African lawmakers seek common position ahead of climate summit

Wednesday, October 14, 2009

Nairobi - African lawmakers are meeting to discuss best ways to handle the harsh environmental conditions brought by climate change ahead of the UN meeting on global warming in Denmark.

Lawmakers attending the two-day meeting said Africa must be fully prepared to justify its requests at the Copenhagen meeting to allow financial flows to the continent.

Kenya's Environment Minister John Michuki said that there was need to make a firm decision on the amount required to address climate change issues in Africa.

"We should spend the remaining time on projects and numbers because it is in Copenhagen that projects and numbers will meet the financial gurus of this world," Michuki said at the start of the meeting on Tuesday.

"If we shall be told to go back home and work out on our programs and projects, we shall have wasted our meager resources for two weeks and come out there with nothing."

The conference is also expected to rally African countries to demand for an equitable post in the 2012 Climate Change Agreement.

The lawmakers will show their commitment in conserving the environment by planting trees in Karura Forest. Five hectares have been set aside for the exercise.

Swedish ambassador Ann Dismorr said the European Union (EU) pledged to cut the emission of greenhouse gasses by 30 percent by next year and scale up financial support to developing countries.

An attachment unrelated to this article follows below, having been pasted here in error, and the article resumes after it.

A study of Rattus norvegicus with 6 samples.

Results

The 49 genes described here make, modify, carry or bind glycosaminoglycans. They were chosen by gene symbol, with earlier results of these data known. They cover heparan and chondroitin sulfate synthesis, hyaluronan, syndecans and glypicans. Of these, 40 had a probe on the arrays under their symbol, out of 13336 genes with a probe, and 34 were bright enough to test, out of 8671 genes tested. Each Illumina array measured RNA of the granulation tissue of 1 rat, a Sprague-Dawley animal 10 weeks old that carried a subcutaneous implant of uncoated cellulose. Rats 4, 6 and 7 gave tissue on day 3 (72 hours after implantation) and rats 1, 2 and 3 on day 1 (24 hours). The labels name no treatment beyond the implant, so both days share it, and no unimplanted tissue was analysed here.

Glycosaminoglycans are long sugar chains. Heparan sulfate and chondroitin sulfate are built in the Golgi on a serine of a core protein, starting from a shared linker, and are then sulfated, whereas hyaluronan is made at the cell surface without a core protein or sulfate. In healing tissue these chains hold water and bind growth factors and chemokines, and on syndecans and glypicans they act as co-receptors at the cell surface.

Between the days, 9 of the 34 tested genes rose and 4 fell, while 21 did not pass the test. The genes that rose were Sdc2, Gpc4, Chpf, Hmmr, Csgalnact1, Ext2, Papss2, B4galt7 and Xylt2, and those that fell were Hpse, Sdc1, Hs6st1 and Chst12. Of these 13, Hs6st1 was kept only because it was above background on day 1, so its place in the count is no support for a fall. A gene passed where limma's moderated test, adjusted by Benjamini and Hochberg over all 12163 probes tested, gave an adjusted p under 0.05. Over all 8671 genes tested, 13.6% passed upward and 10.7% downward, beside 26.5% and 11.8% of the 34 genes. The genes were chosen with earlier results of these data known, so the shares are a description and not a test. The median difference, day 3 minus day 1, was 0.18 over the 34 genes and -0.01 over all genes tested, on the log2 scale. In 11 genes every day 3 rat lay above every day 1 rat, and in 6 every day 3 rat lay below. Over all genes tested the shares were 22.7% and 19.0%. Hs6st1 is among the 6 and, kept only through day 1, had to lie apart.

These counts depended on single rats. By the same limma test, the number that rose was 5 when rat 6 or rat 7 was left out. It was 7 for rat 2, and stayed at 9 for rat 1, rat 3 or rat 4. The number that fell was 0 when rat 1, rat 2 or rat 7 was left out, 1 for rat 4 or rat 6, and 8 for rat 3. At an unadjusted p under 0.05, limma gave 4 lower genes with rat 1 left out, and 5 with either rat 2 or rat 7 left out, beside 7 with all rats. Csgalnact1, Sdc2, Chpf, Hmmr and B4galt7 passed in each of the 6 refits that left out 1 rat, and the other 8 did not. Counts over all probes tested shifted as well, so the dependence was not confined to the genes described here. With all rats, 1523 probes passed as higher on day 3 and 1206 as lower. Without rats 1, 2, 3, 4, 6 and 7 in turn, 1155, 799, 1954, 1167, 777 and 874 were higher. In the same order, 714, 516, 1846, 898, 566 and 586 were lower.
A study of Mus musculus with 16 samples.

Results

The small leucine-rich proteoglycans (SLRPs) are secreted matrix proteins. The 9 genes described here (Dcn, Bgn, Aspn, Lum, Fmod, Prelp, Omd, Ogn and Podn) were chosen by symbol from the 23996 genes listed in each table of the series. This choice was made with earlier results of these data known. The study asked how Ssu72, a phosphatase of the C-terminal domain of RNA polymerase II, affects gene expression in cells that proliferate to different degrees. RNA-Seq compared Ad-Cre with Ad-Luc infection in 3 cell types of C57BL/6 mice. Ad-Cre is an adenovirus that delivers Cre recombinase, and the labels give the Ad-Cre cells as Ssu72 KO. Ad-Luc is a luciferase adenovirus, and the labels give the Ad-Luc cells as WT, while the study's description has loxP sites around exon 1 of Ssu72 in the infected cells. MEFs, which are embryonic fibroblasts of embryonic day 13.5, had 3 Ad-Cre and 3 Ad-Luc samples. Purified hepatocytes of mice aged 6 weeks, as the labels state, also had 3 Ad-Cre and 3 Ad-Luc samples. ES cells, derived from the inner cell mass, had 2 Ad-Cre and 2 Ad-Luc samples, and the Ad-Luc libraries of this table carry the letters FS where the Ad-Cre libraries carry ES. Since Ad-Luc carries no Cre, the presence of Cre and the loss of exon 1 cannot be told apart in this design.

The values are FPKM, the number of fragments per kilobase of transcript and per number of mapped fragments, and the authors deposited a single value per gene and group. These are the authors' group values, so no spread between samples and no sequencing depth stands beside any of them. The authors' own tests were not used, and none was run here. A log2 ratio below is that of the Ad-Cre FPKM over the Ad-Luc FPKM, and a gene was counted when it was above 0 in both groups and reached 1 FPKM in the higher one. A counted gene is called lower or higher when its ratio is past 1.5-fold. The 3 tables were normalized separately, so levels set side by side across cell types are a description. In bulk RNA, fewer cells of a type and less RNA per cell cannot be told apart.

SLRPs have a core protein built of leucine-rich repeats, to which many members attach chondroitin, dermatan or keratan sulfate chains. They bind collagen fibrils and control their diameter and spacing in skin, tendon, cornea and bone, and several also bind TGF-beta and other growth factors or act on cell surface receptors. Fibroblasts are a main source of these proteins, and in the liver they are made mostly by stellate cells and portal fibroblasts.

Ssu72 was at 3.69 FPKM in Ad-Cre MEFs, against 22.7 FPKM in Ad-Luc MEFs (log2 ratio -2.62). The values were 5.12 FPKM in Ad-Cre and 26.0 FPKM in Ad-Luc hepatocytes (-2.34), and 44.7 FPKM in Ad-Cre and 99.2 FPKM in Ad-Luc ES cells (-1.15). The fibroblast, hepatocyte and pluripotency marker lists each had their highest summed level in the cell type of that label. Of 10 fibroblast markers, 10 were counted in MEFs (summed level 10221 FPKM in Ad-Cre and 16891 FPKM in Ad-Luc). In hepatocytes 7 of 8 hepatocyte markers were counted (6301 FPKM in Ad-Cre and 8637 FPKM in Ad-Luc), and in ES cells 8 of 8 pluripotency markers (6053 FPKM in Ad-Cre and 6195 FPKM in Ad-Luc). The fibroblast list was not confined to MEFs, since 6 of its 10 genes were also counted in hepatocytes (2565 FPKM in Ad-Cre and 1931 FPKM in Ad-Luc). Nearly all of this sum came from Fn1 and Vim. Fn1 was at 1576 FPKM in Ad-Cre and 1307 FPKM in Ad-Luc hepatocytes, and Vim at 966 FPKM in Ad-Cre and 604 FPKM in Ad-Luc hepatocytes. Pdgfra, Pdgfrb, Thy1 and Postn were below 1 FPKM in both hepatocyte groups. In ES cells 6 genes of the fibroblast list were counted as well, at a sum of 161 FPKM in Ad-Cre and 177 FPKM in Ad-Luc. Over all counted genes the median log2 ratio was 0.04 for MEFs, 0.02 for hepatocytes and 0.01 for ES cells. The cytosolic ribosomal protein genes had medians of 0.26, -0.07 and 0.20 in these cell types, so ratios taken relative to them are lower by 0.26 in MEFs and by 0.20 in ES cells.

"This is providing that other developed countries make comparable reduction commitments, and providing that advanced developing countries contribute adequately according to their responsibilities and capabilities," Dismorr said.

Nobel Peace Prize laureate Wangari Maathai said Africa should stop over dependence on donor funds and implement environment conservation measures that do not require much funding.

Maathai told the lawmakers that governments should encourage planting of more trees, harvesting rain water, curbing soil erosion and protection of wetlands instead of just looking up to the West for aid.

She told African MPs attending the conference to forge the continent's collective position ahead of the global climate talks in Copenhagen in December to ensure the forum was not another talking shop.

In June, the African Parliamentarians Summit on Climate change said it would demand at the talks that the Annex 1 countries (developed countries) committed a minimum $200 billion annually for adaptation and mitigation of climate change in developing countries.

Among issues to be deliberated on by the lawmakers, university dons and environmental experts include the role of lawmakers on climate change, legislative approaches, disputes and actions, economic impact of climate change and its implication on development.

"Because we could talk about degradation, adaptation, we can talk about mitigation but that will not take us anywhere in Copenhagen," Michuki said. He said the industrialized nations should leave the developing countries to come up with their own solutions to the climate change problem.

The Copenhagen talks are expected to come up with a new climate deal to replace the Kyoto protocol which was adopted in December 1997 and entered into force in February 2005.

The Kyoto Protocol which sets binding targets for the reduction of greenhouse gas emissions has been signed and ratified by 184 parties of the UN Climate Convention with the United States as a notable exception.